Historically, hazelnuts have been one of Georgia’s main crops in terms of economic value; as the country is located on the Black Sea coastal area, which has suitable soil and climate conditions for growing hazelnuts. Even as early as the fourth century B.C., populations grew wild forms of hazelnut, which later adapted to local conditions and formed regional varieties (GEONUTS, 2023).
On November 13, the Agricultural Policy Research Center at ISET-PI presented the main results of the Regulatory Impact Assessment (RIA) of the draft law of Georgia on soil protection at a stakeholder workshop held at the conference hall of the Environmental Education and Information Center (EEIC) of the Ministry of Environmental Protection and Agriculture of Georgia (MEPA).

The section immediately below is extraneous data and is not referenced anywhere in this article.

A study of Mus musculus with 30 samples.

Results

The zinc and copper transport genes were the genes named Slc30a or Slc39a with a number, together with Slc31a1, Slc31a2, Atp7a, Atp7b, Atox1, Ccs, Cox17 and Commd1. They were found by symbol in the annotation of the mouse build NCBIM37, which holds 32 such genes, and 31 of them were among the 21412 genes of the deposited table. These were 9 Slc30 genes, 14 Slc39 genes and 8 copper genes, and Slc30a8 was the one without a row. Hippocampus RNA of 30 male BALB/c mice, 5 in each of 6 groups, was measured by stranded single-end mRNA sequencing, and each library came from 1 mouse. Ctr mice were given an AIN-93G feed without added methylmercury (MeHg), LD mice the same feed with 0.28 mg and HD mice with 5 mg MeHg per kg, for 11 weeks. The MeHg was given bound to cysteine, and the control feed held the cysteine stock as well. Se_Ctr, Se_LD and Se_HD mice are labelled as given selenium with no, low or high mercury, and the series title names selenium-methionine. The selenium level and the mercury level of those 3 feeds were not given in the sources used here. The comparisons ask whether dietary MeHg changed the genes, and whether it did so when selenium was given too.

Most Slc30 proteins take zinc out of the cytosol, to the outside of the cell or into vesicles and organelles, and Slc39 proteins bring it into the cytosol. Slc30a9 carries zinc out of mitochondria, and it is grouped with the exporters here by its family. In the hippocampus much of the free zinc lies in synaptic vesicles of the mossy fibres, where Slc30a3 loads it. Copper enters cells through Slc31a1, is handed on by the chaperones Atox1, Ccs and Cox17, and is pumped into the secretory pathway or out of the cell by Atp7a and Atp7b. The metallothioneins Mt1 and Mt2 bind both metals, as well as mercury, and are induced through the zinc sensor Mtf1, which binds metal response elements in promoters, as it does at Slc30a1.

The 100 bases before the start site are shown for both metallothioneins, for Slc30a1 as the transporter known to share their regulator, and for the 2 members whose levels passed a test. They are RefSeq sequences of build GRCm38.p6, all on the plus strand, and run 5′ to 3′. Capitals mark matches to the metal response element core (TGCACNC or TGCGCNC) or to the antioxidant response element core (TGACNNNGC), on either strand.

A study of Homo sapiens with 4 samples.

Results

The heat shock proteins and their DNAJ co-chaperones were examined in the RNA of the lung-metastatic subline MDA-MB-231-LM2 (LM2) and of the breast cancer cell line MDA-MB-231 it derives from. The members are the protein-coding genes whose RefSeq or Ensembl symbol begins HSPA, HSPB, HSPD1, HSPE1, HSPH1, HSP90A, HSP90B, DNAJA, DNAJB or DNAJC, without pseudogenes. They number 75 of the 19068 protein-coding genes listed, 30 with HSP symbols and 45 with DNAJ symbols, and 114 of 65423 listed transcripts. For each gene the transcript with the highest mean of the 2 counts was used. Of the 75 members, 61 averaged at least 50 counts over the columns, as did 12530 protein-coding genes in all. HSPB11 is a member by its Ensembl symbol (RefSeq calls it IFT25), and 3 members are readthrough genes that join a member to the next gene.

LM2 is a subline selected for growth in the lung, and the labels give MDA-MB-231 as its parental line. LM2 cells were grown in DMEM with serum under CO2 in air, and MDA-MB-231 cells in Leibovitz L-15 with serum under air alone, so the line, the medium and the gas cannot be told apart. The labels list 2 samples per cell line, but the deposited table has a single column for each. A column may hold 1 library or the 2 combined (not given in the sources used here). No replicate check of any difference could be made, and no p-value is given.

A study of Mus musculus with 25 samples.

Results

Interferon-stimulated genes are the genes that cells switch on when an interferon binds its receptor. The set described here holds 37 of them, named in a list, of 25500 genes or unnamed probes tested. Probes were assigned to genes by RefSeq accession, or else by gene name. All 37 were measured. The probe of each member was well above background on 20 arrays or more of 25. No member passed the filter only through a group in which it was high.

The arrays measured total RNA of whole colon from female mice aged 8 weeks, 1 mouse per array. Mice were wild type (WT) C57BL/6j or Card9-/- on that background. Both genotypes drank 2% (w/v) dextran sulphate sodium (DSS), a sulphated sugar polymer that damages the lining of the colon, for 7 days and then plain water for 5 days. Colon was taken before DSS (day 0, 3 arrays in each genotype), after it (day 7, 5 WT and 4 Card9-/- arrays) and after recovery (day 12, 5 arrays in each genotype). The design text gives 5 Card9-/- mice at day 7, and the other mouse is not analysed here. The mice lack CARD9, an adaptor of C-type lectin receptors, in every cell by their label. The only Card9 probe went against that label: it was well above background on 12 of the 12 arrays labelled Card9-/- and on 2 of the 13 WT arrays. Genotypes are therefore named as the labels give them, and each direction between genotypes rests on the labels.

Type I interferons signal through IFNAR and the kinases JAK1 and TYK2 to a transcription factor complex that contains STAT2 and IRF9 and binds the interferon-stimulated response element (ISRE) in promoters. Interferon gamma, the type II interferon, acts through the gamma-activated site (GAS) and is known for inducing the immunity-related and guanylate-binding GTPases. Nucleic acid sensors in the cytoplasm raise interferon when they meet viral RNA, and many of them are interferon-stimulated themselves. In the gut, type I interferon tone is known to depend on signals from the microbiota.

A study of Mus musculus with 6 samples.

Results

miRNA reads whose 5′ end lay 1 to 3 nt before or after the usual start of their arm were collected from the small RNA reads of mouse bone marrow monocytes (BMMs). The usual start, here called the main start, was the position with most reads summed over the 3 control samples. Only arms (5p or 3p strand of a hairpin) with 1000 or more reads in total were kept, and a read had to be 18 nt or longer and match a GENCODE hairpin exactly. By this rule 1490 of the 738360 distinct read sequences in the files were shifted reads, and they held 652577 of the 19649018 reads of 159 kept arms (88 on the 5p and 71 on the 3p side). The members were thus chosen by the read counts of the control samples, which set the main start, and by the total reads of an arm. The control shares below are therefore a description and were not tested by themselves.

How can soil degradation be reduced in Georgia? The objective of the study is to assess potential impact of the draft law on soil degradation processes in Georgia. The study examines the current situation regarding land degradation in Georgia and estimates the potential costs and benefits of the draft law.
Following the collapse of the Soviet Union, the Georgian nation went through a process of rapid disinvestment and de-industrialization. It was forced to shut down industrial plants, sending scrap metal abroad, and workers into subsistence farming. Hunger has never become an issue thanks to the country’s moderate climate and good soil conditions, yet inequality and associated political pressures rapidly reached catastrophic dimensions, unleashing cycles of violence, undermining the political order, and inhibiting prospects of economic growth.